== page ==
BBVA reiterates its commitment to clarifying the facts and cooperating with authorities in the Cenyt case
Following the lifting of the secrecy order, BBVA wishes to reiterate the main messages regarding its actions in recent months.
At the beginning of 2019, news surfaced from different media outlets, connecting BBVA with the monitoring and interception of private communications, allegedly carried out in the past by the Cenyt Group.
In February 2019, BBVA had proof that these acts were under investigation by the Spanish High Court in piece number 9 as part of a case known as ‘Tandem’ -- at the time, under a secrecy order. The case is investigating alleged malpractice by some members and former members of the (Spanish) police force, in which the Cenyt Group’s relationship with BBVA is one piece among many.
Since the onset of the procedure, this issue has been repeatedly analyzed by the governing bodies -- both the Board committees, which have competence over these matters, and the entire Board itself. From the beginning, the governing bodies defined full cooperation with the authorities to clarify the facts as a priority and have promoted and monitored the internal investigation processes.
In order to help clarify the facts, identifying all information and documents at the bank that could be linked to the case was deemed essential. For this reason, and as it is customary in these cases, the external law firms in charge of the defense of the bank (Garrigues and Uría) commissioned PwC on January 25th to carry out a forensic investigation.
PwC has gathered a massive amount of documents from the past 15 years, both in physical and digital format. They have been subjected to a thorough and objective analysis, applying a standard methodology used in these types of investigations. The methodology used by PwC guarantees that the documents will not be modified, and will remain traceable. A third party will also be able to verify all searches that were carried out.
The original lines of this investigation concluded in July 2019; others were initiated at a later date and were also finalized. In the future, new lines of investigation may be opened, while judicial proceedings are underway. Even the court has requested new lines of investigation to be opened, using PwC's methodology and the documents gathered in the process.
Full cooperation with the authorities is reflected in the presentation of information from the onset of the case, as well as numerous writs and documents throughout this time. BBVA also proactively shared all relevant documents obtained by PwC in the different lines of investigation. A rough estimate shows that during all this period, BBVA provided 24 writs and more than 8,300 files, totalling over 100,000 pages. Additionally, all of the documents gathered by PwC were made available to the court.
Furthermore, BBVA’s representative testified in court on three occasions for more than 15 hours, and provided extensive answers to all questions posed. He also pleaded that the bank bears no responsibility for the facts under investigation. Another example of said cooperation was the fact that BBVA released PwC from its professional secrecy so it could testify at the Spanish High Court on February 20, 2020.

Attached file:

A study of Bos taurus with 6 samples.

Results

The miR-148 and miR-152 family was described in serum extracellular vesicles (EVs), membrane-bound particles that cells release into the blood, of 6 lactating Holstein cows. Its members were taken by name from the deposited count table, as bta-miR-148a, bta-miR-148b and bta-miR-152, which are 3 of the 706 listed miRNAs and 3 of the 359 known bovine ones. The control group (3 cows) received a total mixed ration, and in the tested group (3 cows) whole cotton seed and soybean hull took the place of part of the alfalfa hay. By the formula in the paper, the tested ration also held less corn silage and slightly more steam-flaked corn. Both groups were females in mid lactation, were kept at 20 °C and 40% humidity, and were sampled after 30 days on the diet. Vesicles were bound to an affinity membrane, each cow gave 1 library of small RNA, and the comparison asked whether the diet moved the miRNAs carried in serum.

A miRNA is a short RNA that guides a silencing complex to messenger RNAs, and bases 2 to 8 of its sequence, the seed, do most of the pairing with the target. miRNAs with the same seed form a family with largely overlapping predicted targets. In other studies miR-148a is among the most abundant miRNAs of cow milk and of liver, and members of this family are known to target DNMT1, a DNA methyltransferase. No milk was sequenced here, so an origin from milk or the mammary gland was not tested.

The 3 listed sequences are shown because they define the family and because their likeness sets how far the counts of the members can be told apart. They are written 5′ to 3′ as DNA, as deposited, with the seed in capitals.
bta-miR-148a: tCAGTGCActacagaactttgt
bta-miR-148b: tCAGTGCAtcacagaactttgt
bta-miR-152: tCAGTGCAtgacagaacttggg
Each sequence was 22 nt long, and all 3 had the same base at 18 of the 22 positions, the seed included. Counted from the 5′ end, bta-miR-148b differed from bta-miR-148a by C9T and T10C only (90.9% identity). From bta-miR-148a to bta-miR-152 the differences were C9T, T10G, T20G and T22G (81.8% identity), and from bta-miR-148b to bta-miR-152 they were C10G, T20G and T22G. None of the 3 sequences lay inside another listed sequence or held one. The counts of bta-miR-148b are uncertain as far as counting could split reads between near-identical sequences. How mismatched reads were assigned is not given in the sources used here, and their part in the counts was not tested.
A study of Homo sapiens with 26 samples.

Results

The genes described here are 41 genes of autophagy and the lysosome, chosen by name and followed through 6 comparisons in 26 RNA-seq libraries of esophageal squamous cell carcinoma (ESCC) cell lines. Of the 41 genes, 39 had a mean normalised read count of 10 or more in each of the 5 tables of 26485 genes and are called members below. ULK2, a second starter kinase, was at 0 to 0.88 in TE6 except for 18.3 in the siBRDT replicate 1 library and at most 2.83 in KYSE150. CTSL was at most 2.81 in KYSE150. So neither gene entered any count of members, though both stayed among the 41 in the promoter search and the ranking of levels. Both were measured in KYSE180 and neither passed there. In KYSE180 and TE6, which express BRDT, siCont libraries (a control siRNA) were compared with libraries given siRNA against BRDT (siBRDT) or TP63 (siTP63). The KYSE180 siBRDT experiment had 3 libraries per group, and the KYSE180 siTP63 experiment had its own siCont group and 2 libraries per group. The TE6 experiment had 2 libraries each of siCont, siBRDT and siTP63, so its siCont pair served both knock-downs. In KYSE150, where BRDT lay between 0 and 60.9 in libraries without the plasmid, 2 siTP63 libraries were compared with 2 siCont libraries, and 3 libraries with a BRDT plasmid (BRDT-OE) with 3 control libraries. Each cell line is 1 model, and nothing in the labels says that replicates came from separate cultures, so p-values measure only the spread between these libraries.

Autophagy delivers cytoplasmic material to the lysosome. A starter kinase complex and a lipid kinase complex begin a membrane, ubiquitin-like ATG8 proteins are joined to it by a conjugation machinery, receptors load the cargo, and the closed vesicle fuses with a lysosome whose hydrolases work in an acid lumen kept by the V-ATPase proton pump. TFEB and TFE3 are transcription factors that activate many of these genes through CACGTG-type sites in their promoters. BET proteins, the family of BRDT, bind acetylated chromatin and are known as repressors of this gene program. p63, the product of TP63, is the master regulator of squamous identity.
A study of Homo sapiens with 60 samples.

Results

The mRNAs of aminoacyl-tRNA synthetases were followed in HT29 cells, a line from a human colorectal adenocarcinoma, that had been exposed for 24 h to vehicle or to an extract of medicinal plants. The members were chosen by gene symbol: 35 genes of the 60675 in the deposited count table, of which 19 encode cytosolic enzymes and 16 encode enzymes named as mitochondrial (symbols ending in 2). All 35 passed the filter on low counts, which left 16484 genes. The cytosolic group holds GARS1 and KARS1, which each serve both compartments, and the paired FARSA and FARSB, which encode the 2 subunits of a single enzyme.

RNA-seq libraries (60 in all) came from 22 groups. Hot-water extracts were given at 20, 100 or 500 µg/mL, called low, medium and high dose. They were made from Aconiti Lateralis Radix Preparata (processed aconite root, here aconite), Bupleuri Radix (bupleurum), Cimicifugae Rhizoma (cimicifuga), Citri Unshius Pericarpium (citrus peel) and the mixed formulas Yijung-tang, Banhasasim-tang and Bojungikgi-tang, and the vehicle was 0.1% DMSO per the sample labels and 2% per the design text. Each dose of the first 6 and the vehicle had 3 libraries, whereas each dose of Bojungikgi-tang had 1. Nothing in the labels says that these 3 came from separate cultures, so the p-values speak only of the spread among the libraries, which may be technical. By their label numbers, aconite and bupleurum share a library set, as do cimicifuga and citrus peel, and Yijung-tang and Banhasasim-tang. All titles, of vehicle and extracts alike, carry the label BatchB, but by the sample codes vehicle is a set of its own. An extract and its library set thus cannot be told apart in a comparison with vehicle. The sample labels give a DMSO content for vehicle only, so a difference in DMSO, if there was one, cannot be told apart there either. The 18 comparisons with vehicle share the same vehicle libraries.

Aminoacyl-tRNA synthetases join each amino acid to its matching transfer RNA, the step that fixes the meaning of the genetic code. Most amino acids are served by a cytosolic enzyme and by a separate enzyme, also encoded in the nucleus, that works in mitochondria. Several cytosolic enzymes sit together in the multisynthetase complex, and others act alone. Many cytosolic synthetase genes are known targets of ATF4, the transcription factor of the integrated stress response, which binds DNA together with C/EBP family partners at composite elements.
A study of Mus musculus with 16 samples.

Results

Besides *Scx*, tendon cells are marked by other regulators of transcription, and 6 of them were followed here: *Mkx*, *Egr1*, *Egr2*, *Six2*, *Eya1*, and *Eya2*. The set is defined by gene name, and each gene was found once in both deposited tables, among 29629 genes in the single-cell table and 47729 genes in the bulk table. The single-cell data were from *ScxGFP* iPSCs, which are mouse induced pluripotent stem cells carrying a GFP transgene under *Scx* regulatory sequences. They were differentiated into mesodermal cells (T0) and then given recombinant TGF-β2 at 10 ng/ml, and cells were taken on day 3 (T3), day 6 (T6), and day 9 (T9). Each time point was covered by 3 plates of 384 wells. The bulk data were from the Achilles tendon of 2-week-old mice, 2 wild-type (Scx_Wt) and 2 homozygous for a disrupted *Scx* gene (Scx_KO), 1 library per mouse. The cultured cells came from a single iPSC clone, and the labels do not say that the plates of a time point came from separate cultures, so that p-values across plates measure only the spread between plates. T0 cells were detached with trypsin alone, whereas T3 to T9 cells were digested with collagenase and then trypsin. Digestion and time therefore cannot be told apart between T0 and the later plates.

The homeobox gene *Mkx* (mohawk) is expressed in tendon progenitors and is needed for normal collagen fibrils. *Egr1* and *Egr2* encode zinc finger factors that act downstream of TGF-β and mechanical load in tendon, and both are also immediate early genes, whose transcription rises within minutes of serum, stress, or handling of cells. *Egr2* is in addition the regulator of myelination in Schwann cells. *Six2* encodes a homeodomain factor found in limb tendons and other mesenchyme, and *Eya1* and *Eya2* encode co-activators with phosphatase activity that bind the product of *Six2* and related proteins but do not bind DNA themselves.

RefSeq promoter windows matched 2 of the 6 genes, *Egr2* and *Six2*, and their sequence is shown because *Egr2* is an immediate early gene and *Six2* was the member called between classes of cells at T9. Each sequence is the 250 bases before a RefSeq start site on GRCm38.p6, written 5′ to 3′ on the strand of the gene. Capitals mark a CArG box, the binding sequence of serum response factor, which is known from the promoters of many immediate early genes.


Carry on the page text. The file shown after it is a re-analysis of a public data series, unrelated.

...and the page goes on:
In parallel, the governing bodies have been promoting improvements in the corporate governance model, as well as policies and procedures to enhance internal controls in the organization. New policies and improvements for subcontracts and purchases (related to vendors homologation, verification and validation of goods and services delivery, authorization channels and invoice payments). Additionally, the Model for the Prevention of Criminal Activity has been reinforced, ensuring that it benefits from all improvements to the internal control model.
Furthermore, as was announced at the end of 2018, the bank’s governing bodies agreed to strengthen the independence of control areas (Internal Control & Regulation and Internal Audit), with directors in these areas reporting directly to the Board through corresponding Board committees.
Tasks have also been reassigned among the Board committees, reallocating the responsibilities of supervision and oversight of the Bank’s second and third ‘defense layers’ under two specialized committees: the Risk and Compliance Committee and the Audit Committee, respectively.
All these measures are designed to create a stronger, more effective control model, which is subject to ongoing improvements.
Moreover, given the facts and the documents available at the bank, the Board of Directors agreed to follow the pertinent internal procedures to assess the actions of all people allegedly involved in the relationship with Cenyt and who are still bank's employees. This assessment has been completed, prompting the adoption of corresponding measures.
Looking forward, BBVA will continue to act with full determination and diligence under the direct leadership of the Board of Directors, whose members have no connection whatsoever with the case. BBVA reiterates that it pleaded that the bank bears no responsibility for the facts under investigation. The priority continues to be cooperating with authorities to clarify the facts because the fundamental investigation, the one that prevails over any other initiative, is the one being carried out by the Spanish High Court, which must elucidate what happened. Justice has its own deadlines and it’s important to let the courts do their work, and not make parallel judgments.